Students explain healthcare inequality
Courtney Becker | Monday, January 30, 2017
The first “Soup and Substance” discussion of the year — hosted by the student club GlobeMed — took place on Friday and focused on race and health care.
Seniors Emma Cooper and Madeleine van Zuylen said the discussion was a fitting end to Walk the Walk Week at Notre Dame.
“We [are having] this now because it’s the end of Walk the Walk Week, which has been a week of discussion about diversity and inclusion,” Cooper said. “GlobeMed is a club on campus that’s part of a national organization of student clubs, kind of with the point of creating student leaders who will be advocates for health equity [and] social justice issues starting now and throughout our lifetimes.”
Cooper said she and van Zuylen drew on their experience visiting Laos to discuss healthcare inequality in the United States.
“We have a long-term partner organization in Laos,” she said. “They work on health education and intervention of health disparities within their country. Both Maddie and I have been to Laos and have kind of seen some health disparities that exist within that country … and as part of that have continued that discussion more about disparities and social justice issues within America, as well.”
These disparities are particularly prevalent in how minority patients receive health care, Cooper said.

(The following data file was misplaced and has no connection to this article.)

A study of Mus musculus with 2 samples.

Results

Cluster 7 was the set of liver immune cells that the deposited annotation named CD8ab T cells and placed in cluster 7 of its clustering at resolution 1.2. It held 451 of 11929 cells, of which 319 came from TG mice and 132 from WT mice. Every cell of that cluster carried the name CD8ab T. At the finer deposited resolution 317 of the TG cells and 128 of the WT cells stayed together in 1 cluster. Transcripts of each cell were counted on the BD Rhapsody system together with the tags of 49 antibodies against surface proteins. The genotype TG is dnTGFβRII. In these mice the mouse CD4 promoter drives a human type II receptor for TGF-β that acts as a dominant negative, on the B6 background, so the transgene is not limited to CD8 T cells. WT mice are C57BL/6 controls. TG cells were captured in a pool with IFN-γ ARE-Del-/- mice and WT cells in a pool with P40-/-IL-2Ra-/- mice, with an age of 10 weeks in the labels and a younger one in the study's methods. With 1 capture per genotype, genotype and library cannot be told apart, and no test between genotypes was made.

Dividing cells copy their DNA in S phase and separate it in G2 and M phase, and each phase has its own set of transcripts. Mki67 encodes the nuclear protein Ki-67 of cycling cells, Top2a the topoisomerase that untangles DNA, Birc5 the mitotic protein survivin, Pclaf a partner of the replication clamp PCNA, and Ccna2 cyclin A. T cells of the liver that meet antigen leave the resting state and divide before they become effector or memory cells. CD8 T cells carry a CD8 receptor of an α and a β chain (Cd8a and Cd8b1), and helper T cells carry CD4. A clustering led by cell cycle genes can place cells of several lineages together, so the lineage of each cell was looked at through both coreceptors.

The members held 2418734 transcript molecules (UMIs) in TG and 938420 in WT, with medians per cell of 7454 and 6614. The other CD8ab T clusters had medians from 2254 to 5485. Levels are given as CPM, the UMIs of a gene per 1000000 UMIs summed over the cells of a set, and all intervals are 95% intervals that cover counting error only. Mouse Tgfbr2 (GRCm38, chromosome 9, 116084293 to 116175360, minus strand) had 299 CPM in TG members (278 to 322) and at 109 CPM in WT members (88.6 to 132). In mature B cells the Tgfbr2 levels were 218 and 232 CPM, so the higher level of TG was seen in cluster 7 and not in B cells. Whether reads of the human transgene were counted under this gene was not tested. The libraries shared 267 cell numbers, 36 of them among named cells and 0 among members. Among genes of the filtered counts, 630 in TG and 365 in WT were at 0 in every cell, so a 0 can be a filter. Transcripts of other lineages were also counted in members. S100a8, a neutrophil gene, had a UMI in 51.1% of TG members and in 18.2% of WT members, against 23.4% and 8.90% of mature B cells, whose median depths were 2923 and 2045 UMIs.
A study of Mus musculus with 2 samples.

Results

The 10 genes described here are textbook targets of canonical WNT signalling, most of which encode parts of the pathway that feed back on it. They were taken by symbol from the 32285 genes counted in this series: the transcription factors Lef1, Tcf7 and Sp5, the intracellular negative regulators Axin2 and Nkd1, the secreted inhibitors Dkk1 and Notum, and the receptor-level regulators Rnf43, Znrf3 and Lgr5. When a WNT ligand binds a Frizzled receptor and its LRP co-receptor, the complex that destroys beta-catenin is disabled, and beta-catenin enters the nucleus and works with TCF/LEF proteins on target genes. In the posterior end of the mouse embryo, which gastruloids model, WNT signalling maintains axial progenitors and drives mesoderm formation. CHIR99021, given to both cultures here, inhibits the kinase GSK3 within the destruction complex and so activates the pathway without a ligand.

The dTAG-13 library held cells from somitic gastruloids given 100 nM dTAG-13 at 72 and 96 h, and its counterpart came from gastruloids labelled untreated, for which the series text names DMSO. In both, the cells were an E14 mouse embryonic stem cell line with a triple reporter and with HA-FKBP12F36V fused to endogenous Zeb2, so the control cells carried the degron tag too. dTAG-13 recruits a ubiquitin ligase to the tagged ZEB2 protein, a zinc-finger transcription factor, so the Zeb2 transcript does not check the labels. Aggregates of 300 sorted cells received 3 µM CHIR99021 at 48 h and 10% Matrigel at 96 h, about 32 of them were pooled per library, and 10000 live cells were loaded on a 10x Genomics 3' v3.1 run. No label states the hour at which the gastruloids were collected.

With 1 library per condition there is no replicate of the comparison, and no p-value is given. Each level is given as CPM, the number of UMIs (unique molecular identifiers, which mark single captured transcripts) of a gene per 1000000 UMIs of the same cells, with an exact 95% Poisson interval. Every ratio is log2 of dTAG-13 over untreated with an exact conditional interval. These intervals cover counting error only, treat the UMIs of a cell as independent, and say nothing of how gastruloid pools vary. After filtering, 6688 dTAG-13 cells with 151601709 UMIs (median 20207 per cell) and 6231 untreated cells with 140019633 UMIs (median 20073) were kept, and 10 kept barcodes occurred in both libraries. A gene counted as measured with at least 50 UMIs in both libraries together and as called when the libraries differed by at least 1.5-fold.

“There’s a difference in which disadvantaged social groups — who are already experiencing disadvantage or discrimination due to their status — systematically experience greater health care risks than more advantaged social groups,” she said.
There are several different aspects to this problem, van Zuylen said, making it difficult to resolve.
“Healthcare and race is a very large issue,” she said. “It encompasses a lot. There are a lot of different factors that go into inequality in health care. [There’s] a history of mistrust [in certain communities]. If that is already present, you might be less likely to go seek care.”
Cooper and van Zuylen used articles about the lack of representation of black doctors in the medical community, ambulance diversion for minority patients and African American patients going untreated for pain more frequently than white patients to demonstrate certain issues within the U.S. health care system.
“Socioeconomic differences might lead to differences in location in terms of accessing hospitals or even being able to pay for the treatment,” van Zuylen said. “We chose articles that touched on a few of these.”
These articles also raise questions about a patient’s treatment if they are able to afford healthcare, Cooper said.
“Once you’re receiving medical care, [what’s] the quality of care?” she said. “[What’s] the likelihood the same diagnosis would be received by people of different races, different backgrounds?”
Cooper and van Zuylen left attendees with several questions to consider and encouraged them to seek out further resources and opportunities to work toward solving this problem.
“Minorities have less access to healthcare than white people,” Cooper said. “The level of uninsured minorities is 54 percent compared to 13 percent of white people. … [There’s] study after study of different outcomes based on different racial determinants. Why are these the way they are? How can we fix them?”